When I wrote about Yik Yak recently, this new social app was making headlines for being used inappropriately, and dangerously, by high school students across the country. Incidences of cyberbullying in Chicago and Georgia, followed by an anonymous bomb threat at my daughter's school, in San Clemente, CA, quickly placed Yik Yak at the top of every parent's and educator's "Least Favorite App" list.
My 18-year-old daughter, who, like many, downloaded the app after it became an overnight sensation, told me that within 24 hours of the lockdown, kids trying to use the app anywhere on or near the school could not. Curious about this, I contacted Yik Yak and spoke to co-founder Brooks Buffington.
"We were naïve," Buffington told me. "We designed the app primarily for college students. Using the app the way we intended it to be used requires a certain amount of maturity and responsibility, we were idealistic about who possessed that."
When Brooks Buffington and Tyler Droll, two recent graduates of Furman University, created Yik Yak last fall, their vision was to make a "virtual bulletin board," or a messaging system that would serve as a blank slate for random thoughts or postings. Its anonymity is a major feature, says Buffington, "because that guy in the back row of your science class might be the funniest guy you never hear."
The other feature that makes Yik Yak unique is that the app uses GPS location data to bring comments to a user's feed from other users nearby. In other words, it enables and encourages communities to share information within a geographical boundary, like a college campus or sporting event. A story Buffington likes to tell about the app's "ideal" use happened last winter break when a college freshman missed his flight home and returned to school to find his dormitory locked. He posted his predicament on Yik Yak, and was quickly offered a couch to crash on by an upperclassman.
Unfortunately, as we have learned from Yik Yak's predecessors -- including Ask.fm, Kik, and Snapchat -- social apps tend to gain notoriety not for the ways they bring people together for good, but rather for how they enable users to communicate hurt or harm. Our knee-jerk, and normal, reaction to learning about the nefarious use of an app to label it "bad" and then counsel our kids to delete it from their phones. But this is a short-term solution, for as sure as the day is long, a new app will come along to take the place of every app they delete.
That's why what Buffington and Droll did next is worth knowing about.
After finding out how Yik Yak was being used by watching the news, the pair immediately contacted Apple and requested an expedited review for their new app, which they were granted; this enabled them to quickly change the app's age rating to 17+ (parents take note: you can place restrictions on under-17-year-old children's phones that block them from downloading apps based on this rating).
When some Chicago-area high schools made the news for reported incidences of cyber bullying on Yik Yak, the pair blocked the entire city of Chicago from using the app. Then Buffington spent an entire day manually, and painstakingly, applying "geo-fences" -- or virtual geographic perimeters -- around every school in Chicago by using their GPS coordinates. This effectively blocked students from being able to use the app when on or near a school.
Once they saw this worked, the Yik Yak team conducted a Google search to look for a company that could help them geo-fence middle and high schools across the country. That's how they found Maponics.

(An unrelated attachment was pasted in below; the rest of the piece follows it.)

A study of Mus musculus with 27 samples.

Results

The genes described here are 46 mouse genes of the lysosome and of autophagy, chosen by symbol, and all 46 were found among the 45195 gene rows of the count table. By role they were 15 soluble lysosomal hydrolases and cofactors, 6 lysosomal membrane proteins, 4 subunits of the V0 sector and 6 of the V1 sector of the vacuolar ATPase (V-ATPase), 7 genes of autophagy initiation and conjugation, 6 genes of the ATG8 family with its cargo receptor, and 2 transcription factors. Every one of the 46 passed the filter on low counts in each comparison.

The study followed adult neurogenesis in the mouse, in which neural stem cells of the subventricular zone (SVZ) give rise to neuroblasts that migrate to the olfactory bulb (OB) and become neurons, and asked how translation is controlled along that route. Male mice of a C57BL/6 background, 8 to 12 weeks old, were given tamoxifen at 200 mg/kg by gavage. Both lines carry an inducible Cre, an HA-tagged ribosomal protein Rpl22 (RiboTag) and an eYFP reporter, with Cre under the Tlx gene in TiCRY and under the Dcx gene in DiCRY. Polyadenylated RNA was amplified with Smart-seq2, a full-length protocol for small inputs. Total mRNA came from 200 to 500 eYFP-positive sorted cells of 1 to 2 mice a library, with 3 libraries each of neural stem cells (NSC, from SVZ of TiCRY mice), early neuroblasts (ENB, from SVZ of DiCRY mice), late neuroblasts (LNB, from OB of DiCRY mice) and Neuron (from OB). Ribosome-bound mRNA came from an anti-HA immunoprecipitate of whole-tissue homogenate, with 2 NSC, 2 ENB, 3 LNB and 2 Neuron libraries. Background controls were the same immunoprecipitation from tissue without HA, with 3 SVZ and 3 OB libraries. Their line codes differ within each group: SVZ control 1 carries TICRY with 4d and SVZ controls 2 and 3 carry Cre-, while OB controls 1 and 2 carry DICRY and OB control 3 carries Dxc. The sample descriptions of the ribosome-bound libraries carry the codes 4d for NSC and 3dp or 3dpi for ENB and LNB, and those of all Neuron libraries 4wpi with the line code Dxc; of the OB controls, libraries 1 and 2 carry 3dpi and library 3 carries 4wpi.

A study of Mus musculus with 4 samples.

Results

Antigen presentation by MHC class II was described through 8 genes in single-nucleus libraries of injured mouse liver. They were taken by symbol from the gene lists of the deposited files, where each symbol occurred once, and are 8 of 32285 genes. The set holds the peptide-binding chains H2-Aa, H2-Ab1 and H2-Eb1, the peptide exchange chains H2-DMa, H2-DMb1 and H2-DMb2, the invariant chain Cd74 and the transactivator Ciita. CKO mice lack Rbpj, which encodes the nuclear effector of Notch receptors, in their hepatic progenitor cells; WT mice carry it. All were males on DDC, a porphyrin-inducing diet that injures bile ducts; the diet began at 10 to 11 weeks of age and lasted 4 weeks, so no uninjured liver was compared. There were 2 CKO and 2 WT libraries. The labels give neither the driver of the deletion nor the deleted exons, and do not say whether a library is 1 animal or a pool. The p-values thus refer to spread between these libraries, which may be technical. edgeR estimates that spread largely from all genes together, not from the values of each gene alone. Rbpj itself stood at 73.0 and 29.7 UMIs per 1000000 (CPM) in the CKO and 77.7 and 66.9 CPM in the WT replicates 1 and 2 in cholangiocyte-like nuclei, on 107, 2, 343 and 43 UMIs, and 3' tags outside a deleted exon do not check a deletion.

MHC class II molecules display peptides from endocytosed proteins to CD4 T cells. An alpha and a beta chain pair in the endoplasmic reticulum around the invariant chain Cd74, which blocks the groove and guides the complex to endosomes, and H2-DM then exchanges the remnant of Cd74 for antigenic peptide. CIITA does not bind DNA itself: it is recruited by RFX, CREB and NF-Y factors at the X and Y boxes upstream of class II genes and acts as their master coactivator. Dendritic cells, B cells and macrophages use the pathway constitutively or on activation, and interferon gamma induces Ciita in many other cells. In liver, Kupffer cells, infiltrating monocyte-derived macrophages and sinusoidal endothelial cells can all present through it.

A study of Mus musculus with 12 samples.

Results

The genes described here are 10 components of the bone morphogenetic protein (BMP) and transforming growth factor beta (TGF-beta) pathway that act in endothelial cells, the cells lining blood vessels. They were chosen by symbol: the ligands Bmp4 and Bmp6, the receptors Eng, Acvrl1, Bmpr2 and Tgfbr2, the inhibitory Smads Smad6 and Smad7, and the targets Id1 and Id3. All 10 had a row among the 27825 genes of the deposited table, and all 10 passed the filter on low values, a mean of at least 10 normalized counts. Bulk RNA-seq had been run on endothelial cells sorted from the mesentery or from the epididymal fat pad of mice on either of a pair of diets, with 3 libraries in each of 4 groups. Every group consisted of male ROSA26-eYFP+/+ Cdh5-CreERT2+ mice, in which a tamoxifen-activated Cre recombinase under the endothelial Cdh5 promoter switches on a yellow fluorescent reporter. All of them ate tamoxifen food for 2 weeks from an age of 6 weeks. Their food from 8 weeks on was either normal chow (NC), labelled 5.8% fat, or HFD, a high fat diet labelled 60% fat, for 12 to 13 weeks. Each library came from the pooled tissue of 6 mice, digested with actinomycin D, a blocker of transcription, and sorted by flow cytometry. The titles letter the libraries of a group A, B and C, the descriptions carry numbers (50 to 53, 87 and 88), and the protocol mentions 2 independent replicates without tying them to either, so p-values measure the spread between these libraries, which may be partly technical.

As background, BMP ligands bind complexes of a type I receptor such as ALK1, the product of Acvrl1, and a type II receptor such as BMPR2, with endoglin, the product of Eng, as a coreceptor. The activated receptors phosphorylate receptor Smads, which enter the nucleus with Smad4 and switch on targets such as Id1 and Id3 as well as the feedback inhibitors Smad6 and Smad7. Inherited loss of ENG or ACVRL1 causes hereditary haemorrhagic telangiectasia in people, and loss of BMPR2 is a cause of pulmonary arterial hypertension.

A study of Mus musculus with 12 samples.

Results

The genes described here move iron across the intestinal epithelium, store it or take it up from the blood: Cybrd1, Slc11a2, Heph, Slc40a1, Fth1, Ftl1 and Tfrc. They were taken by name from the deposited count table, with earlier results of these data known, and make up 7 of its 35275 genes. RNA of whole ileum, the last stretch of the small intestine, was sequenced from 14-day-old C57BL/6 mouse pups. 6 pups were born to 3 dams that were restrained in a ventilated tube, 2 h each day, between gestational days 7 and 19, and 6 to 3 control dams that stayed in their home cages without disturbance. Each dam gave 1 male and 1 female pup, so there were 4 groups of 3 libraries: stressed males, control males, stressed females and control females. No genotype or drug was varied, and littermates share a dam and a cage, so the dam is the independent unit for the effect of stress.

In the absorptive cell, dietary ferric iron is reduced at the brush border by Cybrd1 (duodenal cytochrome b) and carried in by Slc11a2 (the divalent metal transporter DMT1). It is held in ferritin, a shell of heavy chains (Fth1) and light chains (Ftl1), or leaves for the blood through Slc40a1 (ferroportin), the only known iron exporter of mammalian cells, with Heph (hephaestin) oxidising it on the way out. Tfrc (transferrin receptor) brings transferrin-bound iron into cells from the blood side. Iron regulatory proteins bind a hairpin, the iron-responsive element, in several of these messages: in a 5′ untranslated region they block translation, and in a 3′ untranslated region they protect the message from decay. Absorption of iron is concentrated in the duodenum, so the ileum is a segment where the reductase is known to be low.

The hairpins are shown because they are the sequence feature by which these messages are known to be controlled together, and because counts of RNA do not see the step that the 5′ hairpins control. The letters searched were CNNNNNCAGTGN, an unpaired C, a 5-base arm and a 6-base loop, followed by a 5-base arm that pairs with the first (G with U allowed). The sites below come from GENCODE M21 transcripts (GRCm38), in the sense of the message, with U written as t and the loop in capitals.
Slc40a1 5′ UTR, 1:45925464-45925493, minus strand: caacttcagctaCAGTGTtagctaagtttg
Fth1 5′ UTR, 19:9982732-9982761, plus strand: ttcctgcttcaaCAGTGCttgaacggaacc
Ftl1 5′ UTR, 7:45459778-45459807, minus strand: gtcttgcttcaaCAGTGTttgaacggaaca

Maponics, based in Vermont, is a company that "builds and defines geographic boundaries," primarily to offer rich data on school attendance zones, information that strongly influences real estate valuation. According to Will Marlow of Maponics, "Yik Yak reached out to us to see if Maponics' "location data'" could be used to prevent elementary, middle and high school students around the country from accessing the app."
It turned out that Maponics' had already "mapped" nearly 85 percent of the U.S. high school population, so they were able to effectively help Yik Yik, still in its bootstrapping phase (read: cash-poor), place "geo-fences" or virtual walls around schools, thus blocking kids from using the app. (Schools not yet mapped by Maponics can contact Yik Yak directly and one of its owners will manually input the school's location.)
"It's disheartening to see our app being used in an unintended way," says Buffington. "We don't want to see negative events become the face of the company. Every social app has its growing pains, we want to be the ones that are still around in two years or more."
Because that anonymous kid in the back row just might be the funniest kid you don't know.
What Parents and Educators Can Do To Monitor Social Apps:
- Prevent your under-17-year-old from downloading apps rated 17+. If they have an iOS device: Go to "Settings," select "General" and tap "Enable Restrictions." You can set restrictions for "Installing Apps" and "In-App Purchases" here (the slider should read off.)
- Since kids are really good at getting around #1 (above), a better solution is to talk to your kids, set rules, and then get familiar or cyber-wise about what they're up to online so you can see if your rules are being followed. If you need a little help with this (especially with younger kids) you might consider installing software, like SpectorSoft, that records and replays all of your child's Internet activity and provides a detailed report.
- Even better than #1 or #2 is to advocate for digital literacy or "cyber civics" lessons to be taught at your school. Understanding how (and why) to be safe and respectful online is an indispensable skill in our networked world. Besides, the best Internet block or filter in the world is the one kids carry around between their ears. Let's teach them how to use it!